What's behind the downfall of Thailand's Princess Srirasmi?
The downfall of Princess Srirasmi, the wife of Thailand's Crown Prince Vajiralongkorn, has been both dramatic and unusually public.
Seven of her relatives have been arrested, and accused of misusing their royal status to amass vast wealth and carry out numerous abuses.
The crown prince himself has now made the disgrace official by ordering her family to stop using the name Akrapongpreecha, which he gave them after he married her in 2001. The king and the crown prince both have this privilege, akin to knighthoods in the UK.
So has Princess Srirasmi lost her royal status?
Interestingly, the crown prince has not revoked her royal title, "Mom", which translates roughly as "princess", nor yet her use of the royal family's name, Mahidol na Ayutthaya.
These are officially bestowed by King Bhumibol Adulyadej, and it would need his approval for them to be revoked. However if, as expected, the crown prince divorces Princess Srirasmi, she will almost certainly lose both titles. The future status of her nine-year-old son by the prince, Dipangkorn, will depend on his father's wishes.
Titles matter a great deal in status-obsessed Thailand, in particular when it comes to those with a claim to the throne.
What does Thai law say about the succession?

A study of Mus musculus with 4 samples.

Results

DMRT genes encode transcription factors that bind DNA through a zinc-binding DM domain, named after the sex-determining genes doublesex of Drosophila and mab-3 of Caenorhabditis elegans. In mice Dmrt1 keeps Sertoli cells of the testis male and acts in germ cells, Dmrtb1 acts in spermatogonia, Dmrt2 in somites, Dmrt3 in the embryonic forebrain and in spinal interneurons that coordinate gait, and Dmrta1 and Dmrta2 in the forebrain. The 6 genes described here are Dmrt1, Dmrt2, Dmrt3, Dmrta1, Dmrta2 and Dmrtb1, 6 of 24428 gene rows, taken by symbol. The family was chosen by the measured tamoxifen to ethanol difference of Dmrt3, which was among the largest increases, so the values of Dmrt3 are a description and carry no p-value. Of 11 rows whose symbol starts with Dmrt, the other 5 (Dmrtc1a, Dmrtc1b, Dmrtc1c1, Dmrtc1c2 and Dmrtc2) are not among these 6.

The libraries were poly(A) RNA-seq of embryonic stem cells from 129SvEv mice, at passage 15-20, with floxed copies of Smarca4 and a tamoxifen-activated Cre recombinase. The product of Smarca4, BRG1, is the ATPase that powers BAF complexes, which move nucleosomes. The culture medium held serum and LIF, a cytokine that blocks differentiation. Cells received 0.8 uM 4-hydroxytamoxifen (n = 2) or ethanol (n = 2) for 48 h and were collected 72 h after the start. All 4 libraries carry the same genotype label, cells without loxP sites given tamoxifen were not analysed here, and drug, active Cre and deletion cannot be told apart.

The 1924 Palace Succession Law, enshrined in subsequent constitutions, follows the principle of primogeniture, meaning Crown Prince Vajiralongkorn is the designated heir to King Bhumibol, and his own sons should inherit the throne after him, ranked by age.
However, the law also gives reigning kings considerable sway in choosing their own successor - and an amendment to the constitution now allows the possibility of a female successor.
Does the crown prince have any other male children?
The crown prince has four sons by his second marriage, whom he disowned in 1997 when he severed all ties with their mother, Yuvadhida Polpraserth.
At the time the crown prince stated that they had renounced all their royal titles. But the palace continues to recognise their right to use the title HSH, or His Serene Highness, even though the boys, now grown up, are banished from Thailand and live in the United States.
That leaves some doubt over where they sit in line to the throne, even though most commentators believe they are no longer considered possible successors.
It is widely believed that the crown prince may have had another baby boy this year with his current mistress, who is likely to become his next wife.
Why does all this matter so much?
The issue is critical in a country where the monarchy is considered pivotal to political stability, and where King Bhumibol, who turns 87 this week, is in such frail health.
Crown Prince Vajiralongkorn appears to be sorting out his personal affairs before the succession, so that he can choose who will be his queen, and who will eventually succeed him.